Indirect costs are those expenses that are not directly attributable to a single cost center or cost object (product line, service, etc.) Indirect costs may include shared resources or overhead.

Administrative costs, website costs, IT infrastructure, and similar expenses fall into this category.

One of the big challenges with indirect costs is that they cloud the issue of profitability for individual products.

Imagine your company has a bustling loading dock that serves the entire company. Now imagine that you have two product lines, one of which accounts for the lion’s share of the activity on the dock. Your accountants will have to come up with some way to determine whether these types of indirect costs render a product unprofitable.

Indirect costs also have the added challenge that they are often part of cost centers and not profit centers. For a profit center, the leaders know that reducing their costs has a direct impact on profit. They can tell if they buy a new machine or hire a new employee what the effect will be on the bottom line.

For cost centers, it is not as clear. There is no specific linkage between whether 10 people on the IT staff is appropriate, of if it should be 11. Obviously, the costs of that extra person is knowable, but the impact is not precise in the same way that an 11th person turning wrenches on an assembly line is.

Indirect costs also open up a lot for debate when determining how to allocate them. One group might be space intensive, and another group may be people intensive. Both situations drive different costs. Using one fixed rate of indirect cost allocation would mislead your accounting staff about profitability.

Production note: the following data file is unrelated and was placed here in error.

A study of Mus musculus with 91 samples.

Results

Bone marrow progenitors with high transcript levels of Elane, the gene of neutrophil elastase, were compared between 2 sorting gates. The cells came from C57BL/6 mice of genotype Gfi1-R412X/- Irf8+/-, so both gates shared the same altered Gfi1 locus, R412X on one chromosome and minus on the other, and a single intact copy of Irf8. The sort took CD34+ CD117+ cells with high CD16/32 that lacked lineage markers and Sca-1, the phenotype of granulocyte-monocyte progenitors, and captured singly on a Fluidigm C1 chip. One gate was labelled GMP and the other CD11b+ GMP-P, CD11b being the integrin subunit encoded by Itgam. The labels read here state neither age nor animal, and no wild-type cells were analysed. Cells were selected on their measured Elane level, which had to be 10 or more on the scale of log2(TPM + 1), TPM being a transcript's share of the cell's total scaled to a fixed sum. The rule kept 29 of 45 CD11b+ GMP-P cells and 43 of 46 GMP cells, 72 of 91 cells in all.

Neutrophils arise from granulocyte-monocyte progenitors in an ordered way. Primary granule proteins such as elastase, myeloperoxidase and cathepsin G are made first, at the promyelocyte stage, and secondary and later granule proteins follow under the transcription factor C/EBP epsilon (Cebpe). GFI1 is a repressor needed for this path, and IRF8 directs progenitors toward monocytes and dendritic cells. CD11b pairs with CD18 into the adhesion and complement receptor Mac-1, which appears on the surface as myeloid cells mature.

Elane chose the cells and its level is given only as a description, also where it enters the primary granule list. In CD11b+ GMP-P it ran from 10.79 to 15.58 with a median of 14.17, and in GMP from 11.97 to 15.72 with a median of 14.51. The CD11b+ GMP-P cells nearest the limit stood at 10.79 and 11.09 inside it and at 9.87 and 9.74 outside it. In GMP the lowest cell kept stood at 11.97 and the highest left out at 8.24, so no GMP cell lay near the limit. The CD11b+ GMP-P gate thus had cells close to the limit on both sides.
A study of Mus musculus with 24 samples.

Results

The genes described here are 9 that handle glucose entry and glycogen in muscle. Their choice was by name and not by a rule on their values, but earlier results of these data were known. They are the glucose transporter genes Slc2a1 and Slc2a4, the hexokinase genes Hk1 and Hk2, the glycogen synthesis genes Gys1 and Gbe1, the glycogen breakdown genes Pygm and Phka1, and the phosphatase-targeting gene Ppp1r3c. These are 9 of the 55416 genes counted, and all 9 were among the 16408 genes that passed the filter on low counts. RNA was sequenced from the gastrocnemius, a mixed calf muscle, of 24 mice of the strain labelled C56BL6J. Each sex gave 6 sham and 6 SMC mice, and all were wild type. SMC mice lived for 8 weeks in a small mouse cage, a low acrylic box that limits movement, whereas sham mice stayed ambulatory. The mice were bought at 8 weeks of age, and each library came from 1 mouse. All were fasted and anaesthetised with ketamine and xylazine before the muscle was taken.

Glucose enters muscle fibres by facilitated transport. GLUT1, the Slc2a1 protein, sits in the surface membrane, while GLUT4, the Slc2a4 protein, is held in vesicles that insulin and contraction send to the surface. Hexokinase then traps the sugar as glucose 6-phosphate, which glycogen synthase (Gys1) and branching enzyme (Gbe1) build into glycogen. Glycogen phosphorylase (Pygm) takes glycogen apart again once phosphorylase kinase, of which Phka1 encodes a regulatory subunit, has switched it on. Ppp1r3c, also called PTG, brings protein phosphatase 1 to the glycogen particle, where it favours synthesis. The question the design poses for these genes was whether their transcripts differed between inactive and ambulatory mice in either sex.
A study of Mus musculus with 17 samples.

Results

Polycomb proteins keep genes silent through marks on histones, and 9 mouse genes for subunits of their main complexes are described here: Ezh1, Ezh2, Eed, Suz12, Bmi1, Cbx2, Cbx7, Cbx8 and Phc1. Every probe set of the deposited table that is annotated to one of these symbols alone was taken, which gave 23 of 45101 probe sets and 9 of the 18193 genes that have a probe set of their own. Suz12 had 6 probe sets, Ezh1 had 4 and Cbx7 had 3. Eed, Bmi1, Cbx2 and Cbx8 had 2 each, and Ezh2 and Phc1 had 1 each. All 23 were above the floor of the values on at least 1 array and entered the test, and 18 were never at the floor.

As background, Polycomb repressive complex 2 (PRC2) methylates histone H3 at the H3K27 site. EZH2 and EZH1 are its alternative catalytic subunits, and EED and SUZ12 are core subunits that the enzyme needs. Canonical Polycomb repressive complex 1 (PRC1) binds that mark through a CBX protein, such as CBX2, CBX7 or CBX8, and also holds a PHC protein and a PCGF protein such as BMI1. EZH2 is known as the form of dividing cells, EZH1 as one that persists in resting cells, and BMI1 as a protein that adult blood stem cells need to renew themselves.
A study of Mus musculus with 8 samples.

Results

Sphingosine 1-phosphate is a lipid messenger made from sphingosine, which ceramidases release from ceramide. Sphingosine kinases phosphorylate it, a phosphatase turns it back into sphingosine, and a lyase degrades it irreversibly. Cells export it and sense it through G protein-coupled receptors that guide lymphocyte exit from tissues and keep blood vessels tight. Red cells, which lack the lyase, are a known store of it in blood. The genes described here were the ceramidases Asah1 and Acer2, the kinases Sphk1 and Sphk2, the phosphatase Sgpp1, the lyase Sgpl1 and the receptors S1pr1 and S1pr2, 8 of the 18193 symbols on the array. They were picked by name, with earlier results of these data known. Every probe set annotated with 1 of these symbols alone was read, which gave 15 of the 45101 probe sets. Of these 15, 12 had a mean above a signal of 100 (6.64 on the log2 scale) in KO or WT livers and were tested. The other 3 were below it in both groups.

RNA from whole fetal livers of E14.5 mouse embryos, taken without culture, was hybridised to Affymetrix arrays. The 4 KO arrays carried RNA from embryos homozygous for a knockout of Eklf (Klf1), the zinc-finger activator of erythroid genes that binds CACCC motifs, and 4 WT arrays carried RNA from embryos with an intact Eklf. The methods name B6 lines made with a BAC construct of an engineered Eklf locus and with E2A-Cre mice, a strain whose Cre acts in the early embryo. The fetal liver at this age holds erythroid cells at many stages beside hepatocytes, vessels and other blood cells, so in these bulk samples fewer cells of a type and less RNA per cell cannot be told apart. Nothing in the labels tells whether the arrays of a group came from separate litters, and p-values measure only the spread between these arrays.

Continuous Improvement and Indirect Costs

Indirect costs provide a great opportunity for improvement activities. There are several challenges, though.

  1. Many indirect cost centers are small with limited continuous improvement experience. Even if there are Lean resources in the company, a small group may struggle to get support.
  2. Indirect cost centers serve many groups. It can be hard to make changes that benefit one without affecting others.
  3. Small groups that provide critical support have a hard time shutting down to adjust processes. It can even be difficult to pull more than one person from a group if, for example, there are only 3 people on a team.
  4. Some indirect costs are under the radar. A manager may not even realize how his or her actions drive costs.
  5. Some indirect cost centers are just looked at as the cost of doing business. There is no understanding about how much value that group actually provides. For example, it can be hard to quantify how beneficial HR costs are to the company as a whole, and even harder to determine how those costs, when distributed to the product lines, impact profitability. Without knowing value, it is impossible to determine whether something is waste or not.

All of these challenges are surmountable, and should not be a deterrent to continuous improvement. They should, however, be planned for.